Kat Namon ’22
I, like many young women, have taken it upon myself to rank every film starring 24-year-old Oscar nominated actor Timothee Chalamet. Why, may you ask? Because there is way too much time in the day to choose not to do so. Inspiration for this task may very well have come from TikTok, but I’ll never explicitly admit to that. These rankings are based purely on Chalamet’s performance in his respective roles, not on the film as a whole. I would have included Woody Allen’s A Rainy Day in New York, in which Chalamet stars alongside leading ladies Selena Gomez and Elle Fanning, but after spending a considerable amount of time scouring the worldwide web, I could not find the film on any streaming service. Chalamet has since donated his salary from the film due to the controversy surrounding Woody Allen, who was accused of molesting his former partner’s adopted daughter. Chalamet directed his earnings to Time’s Up, The LGBT Center in New York City, and RAINN (Rape, Abuse, and Incest National Network), and denounced the director, and stated that he did “not want to profit” from the movie.
Starting with the obvious choice for number one, Chalamet’s performance in the 2017 adaptation of Call Me By Your Name jump-started his career, earned him an Oscar nomination, and aptly characterized him as one of Hollywood’s most promising young actors. The film itself, based on Andre Acimen’s 2009 novel, adheres to the text and tells the story of a summer romance between a 17-year-old Elio Perlman (Chalamet) and graduate student Oliver (Armie Hammer). Chalamet’s choice as an almost anonymous actor to take on a role that many foresaw, including Hammer, as an incredibly challenging task for an actor, further emphasizes that his performance in this film was deserving of all of the praise it received.
Number two was a toss-up because I could not decide if I should rank Beautiful Boy or Call Me By Your Name first, but I decided that the silver medal belonged with Chalamet’s work as Nic Sheff. This is not to say that he didn’t give a shockingly convincing performance as a heroin addict; he was as convincing as one could be. I just view his decision to play Elio as a little riskier than his opportunity to work alongside Steve Carrell, and this factored into my ranking. If you weren’t bawling your eyes out in the corner when Carrell embraced Chalamet in the closing scene of the film, dare I say, you have no soul.
Coming in at number three, we have the Netflix feature from David Michod, The King. Chalamet takes on the role of King Henry V and proves himself capable of playing a role besides a slightly altered version of his own personality, which his other leading characters provide for audiences. Chalamet’s bowl cut may be the only questionable aspect of his performance in this film.
Chalamet blew middle-aged women and their daughters away with his performance in Greta Gerwig’s 2019 take on the classic novel by Louisa May Alcott, Little Women. This film lands at number four for his performances. He plays the part of Saoirse Ronan’s androgynous counterpart, serving as a window into her character Jo’s psyche. The two are attached at the hip for most of the movie, and the actor-actress duo is one that had many viewers fawning over for months after the movie’s release. Chalamet is an expert in the art of playing the scorned-skinny boy, and he accomplishes one of his best renditions as Laurie.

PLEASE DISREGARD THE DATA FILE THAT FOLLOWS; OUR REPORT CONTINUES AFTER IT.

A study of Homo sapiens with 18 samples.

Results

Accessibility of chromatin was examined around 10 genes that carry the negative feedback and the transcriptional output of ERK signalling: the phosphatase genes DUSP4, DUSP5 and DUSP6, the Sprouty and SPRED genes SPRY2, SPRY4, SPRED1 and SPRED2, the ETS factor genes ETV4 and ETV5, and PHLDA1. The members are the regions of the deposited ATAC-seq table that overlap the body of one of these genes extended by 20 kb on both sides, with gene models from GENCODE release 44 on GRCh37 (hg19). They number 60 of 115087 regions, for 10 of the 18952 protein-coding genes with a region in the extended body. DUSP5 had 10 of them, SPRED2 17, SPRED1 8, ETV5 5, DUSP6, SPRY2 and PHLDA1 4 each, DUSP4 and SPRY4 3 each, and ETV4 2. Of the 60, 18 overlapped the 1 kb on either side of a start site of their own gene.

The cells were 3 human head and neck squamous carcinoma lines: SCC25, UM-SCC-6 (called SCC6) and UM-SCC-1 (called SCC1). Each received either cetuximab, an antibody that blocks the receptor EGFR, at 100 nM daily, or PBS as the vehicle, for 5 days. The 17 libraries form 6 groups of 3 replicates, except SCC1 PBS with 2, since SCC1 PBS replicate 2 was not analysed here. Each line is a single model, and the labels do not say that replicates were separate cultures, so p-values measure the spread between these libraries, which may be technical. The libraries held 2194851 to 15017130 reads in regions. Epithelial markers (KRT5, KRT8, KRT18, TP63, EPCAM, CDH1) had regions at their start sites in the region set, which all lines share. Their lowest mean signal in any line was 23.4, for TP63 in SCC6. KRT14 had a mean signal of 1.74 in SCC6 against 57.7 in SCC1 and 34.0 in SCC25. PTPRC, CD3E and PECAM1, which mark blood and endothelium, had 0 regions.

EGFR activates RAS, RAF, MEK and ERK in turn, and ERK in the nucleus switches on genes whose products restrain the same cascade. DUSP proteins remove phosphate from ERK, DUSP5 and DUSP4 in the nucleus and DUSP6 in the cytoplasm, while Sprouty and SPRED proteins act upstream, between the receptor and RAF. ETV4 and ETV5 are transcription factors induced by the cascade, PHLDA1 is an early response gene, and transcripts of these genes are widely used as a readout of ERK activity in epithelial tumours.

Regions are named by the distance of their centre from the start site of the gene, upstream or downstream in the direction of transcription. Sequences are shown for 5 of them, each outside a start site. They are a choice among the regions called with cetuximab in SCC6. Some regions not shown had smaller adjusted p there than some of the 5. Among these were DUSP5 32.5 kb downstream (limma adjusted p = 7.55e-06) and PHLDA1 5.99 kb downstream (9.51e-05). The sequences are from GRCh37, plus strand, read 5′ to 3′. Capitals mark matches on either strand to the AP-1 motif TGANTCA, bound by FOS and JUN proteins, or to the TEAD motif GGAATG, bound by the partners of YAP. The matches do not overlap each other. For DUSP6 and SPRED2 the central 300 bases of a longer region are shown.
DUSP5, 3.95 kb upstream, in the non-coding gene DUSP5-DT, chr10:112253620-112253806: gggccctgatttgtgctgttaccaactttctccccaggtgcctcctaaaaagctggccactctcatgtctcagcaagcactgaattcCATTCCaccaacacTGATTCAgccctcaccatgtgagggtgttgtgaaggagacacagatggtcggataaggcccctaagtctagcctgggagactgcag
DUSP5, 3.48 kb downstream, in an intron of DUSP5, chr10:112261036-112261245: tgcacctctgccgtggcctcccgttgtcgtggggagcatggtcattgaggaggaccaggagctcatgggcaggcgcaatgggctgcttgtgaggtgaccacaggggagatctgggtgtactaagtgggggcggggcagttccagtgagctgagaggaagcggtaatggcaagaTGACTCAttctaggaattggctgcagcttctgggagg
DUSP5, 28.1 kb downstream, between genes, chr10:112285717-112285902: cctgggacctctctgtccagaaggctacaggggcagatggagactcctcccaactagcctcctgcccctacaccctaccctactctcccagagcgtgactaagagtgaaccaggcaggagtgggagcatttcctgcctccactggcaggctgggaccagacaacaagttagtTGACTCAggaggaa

Next, I must give his performance in the lesser-known film—that I could only find on YouTube—Miss Stevens some credit. Although the film as a whole lacked in both plot and meaning, the scene in which Chalamet and leading lady Lily Rabe belt out America’s 1975 classic tune “Sister Golden Hair” was pretty uplifting. Chalamet, yet again, plays the goofy underdog of a high school acting student, and he seems to be playing himself per usual.
Coming in at numbers six and seven are Ladybird and Hot Summer Nights. It may be controversial that I have ranked Ladybird so low, but I must remind you that this is based on Chalamet’s performance in the film, not the film itself. Chalamet’s character Kyle in Ladybird was almost entirely for comic relief and you were meant to hate him, or at least that is how I saw the utterly irritating adolescent boy. He pulled off an angsty-teenaged asshole better than I anticipated from him, but his part in the film was so small that I didn’t think it deserved much praise. As for Hot Summer Nights, this film was pretty bad. The plotline was flimsy as it tried much too hard to be a classic coming of age summer film, but I must say, Chalamet saved whatever was of value in this film because he truly is its only redeeming quality. He yet again plays a confused teen that gets wrapped up in the wrong crowd. Acting confused and bewildered is Chalamet’s specialty, so this worked well for him.
I definitely would have ranked these films differently if I had taken other factors into account besides Chalamet’s performance, but in reality, he played very similar roles in each of the films. Chalamet also has a role in Wes Anderson’s newest film The French Dispatch, which had its release date delayed until 2021. Since we all need more things to look forward to, you can happily add this long-awaited premiere to your list.
Chalamet Fever is real, so I may not be the most reliable source to rank this skinny legend’s performances, as I am much too biased, but regardless, I’m excited to see his next take on the confused adolescent male in science fiction form with his upcoming film Dune.